Three Ways Corporate Leaders Can Step Up Climate Action 



We recognize the global signals of climate change: rising sea levels, extreme temperatures, wildfires and floods. With these impacts becoming more persistent, when will we collectively accept the current state of climate change is a crisis that we must resolve now

Canada has pledged commitments to cut greenhouse gas emissions by 40-45% from 2005 levels by 2030 and has legislated a goal to reach net zero emissions by 2050. However, decarbonization isn’t happening fast enough. With a global trajectory to limit temperature rise to 1.5°C, we need to convert net-zero ambition into action—and every sector of the economy must play a role. 

Corporate action is the key to accelerating the speed and scale of change. Devising a sustainability roadmap with decarbonization targets that involve Scopes 1, 2 and 3, must be a core part of business strategy. 

Three-step Sustainability Roadmap

1. Set Intentional Strategies & Goals: A net-zero business model must be agile, achievable and measurable. At Schneider Electric we have set science-based targets with our Schneider Sustainability Impact (SSI) strategy, which aligns with the UN’s SDGs and measures our Environmental, Social and Governance (ESG) performance. As part of Schneider Electric’s SSI strategy, we commit to:

o Making our operations carbon neutral by 2025;

o Achieving net-zero carbon offsets in our operations by 2030; and

o Decarbonizing our end-to-end value chain by 2040 – ten years ahead of the 1.5 climate trajectory. 

Each commitment is backed up by 11 global targets and accompanying local targets, allowing  us to drive action, not just through ourselves and our partners, but also by our customers and local communities. 

In Canada, Schneider Electric is making significant decarbonization progress through locally-led efforts, including reducing the consumption of energy, waste, water and CO2 at our 20 sites across Canada, equipping our large sites with connected monitoring tools, and supporting local communities through volunteer opportunities and charitable donations. 

2. Be Selective with the Suppliers You Work WithFor many companies, the next frontier to tackle sustainability beyond their own operations is the value chain. Most of business’scarbon footprint rests in suppliers’ practices across the value chain. The CDP reports supply chain emissions are more than 11 times higher on average than operational emissions. These volumes can be even larger in industry segments like retail, apparel, and services.

At Schneider Electric we work with our suppliers all along the value chain to make sustainability non-negotiable. Last year, we launched our Zero Carbon Project, predicated on a commitment to partner with our top 1,000 suppliers who halve their operations’ CO2 emissions by 2025. This initiative allows best practice exchange between peers and partners to access other innovative solutions for decarbonization. By leading with example in our own ecosystem – through our own actions, what we do through our company, and with our partners across our extended supply chain—we hope to inspire others to follow suit.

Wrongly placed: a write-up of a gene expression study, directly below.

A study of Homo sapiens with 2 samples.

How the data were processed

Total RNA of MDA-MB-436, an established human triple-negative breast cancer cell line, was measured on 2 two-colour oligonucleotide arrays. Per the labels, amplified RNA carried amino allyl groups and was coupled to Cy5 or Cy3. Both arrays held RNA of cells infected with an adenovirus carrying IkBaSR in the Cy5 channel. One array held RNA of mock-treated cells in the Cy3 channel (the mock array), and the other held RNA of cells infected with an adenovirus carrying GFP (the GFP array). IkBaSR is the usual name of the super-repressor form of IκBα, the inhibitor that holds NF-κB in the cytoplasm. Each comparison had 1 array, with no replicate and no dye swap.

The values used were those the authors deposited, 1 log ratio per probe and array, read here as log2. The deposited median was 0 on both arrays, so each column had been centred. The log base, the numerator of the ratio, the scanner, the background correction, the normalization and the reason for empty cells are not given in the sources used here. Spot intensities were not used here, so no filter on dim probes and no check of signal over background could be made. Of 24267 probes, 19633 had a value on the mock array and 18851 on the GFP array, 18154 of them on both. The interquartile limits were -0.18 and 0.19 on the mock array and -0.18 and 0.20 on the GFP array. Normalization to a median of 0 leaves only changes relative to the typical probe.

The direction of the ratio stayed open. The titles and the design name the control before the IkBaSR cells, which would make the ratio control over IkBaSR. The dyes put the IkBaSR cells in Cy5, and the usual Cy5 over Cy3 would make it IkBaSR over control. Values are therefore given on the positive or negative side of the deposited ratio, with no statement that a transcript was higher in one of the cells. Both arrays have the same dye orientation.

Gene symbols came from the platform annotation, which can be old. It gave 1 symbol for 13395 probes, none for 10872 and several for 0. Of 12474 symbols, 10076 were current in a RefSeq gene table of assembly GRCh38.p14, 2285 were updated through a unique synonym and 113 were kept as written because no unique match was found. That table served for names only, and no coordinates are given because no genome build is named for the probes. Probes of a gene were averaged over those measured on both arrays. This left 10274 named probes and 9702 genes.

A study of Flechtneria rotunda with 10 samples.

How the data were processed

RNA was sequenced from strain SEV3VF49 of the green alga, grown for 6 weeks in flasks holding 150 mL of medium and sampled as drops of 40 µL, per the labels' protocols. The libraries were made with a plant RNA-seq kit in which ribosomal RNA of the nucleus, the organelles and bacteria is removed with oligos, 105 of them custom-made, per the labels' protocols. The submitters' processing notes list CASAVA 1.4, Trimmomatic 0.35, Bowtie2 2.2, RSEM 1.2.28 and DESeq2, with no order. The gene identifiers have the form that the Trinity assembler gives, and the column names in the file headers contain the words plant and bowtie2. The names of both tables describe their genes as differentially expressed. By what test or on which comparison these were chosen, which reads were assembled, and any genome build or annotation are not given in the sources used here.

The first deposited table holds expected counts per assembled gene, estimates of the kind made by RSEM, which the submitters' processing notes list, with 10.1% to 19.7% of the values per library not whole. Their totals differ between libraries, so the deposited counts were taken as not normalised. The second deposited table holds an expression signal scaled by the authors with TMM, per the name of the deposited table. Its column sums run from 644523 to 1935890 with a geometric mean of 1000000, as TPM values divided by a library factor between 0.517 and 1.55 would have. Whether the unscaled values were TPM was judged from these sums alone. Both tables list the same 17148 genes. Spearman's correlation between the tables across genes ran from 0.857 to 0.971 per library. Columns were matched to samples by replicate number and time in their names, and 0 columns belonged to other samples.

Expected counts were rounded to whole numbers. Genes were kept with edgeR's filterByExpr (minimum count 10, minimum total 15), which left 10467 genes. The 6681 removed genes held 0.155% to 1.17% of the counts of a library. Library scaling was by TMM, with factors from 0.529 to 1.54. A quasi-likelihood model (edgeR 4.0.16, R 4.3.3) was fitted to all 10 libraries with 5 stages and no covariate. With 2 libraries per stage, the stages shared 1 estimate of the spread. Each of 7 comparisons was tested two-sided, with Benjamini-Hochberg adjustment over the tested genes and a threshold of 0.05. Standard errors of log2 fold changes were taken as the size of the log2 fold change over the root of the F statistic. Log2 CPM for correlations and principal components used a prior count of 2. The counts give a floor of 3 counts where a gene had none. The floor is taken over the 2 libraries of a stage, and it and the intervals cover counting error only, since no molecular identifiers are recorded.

3. Executive and investor activism for climate change: Now more than ever, Canadian business leaders must be accountable to steer their companies towards achieving Environmental, Social and Governance (ESG) goals, including sustainability and climate change. According to the latest Edelman Trust Barometer Special Report: Institutional Investors, a majority of Canadian investors are concerned that companies will not be able to meet net-zero commitments and are keeping a close eye on employee-employer dynamics for climate action to track how it shapes or sways company culture. Nearly three-quarters of the investors surveyed are interested in taking an activist approach to investing, using moderate-to-aggressive pressures to monitor operational and governance performance. This healthy tension between C-suite leaders and investors can step up climate action, driving leaders to take a more proactive approach to drive change across and beyond their organization.

Moving the needle on climate change requires innovative approaches in every corporate boardroom. The onus is on leaders to acknowledge that there is a business imperative for addressing the climate crisis head on. As key decision makers, we have aresponsibility to lead our companies in the fight against climate change—creating truly sustainable organizations that will have aglobal and societal impact now, and for the future. If not now, when? If not us, then who?

Biography


Adrian Thomas is a seasoned and progressive leader, with over 20 years of experience in the electrical and automation industry. Adrian joined Schneider Electric in 2016, as the leader of the Building segment, and has since held multiple leadership roles, including VP of Digital Energy, Low Voltage Power Systems, and VP of Home and Distribution, Power Products and Channel. He has been instrumental in bringing Schneider Electric’s EcoStruxure to life in Canada, helping partners and businesses alike achieve their sustainability ambitions and accelerating the company’s digitization journey and sustainable growth.

Prior to joining Schneider Electric, Adrian held sales and leadership roles at General Electric and TMEIC Corporation. He holds an electrical engineering degree from McMaster University and a post-graduate certificate in finance for executives from the Kellogg School of Management at Northwestern University.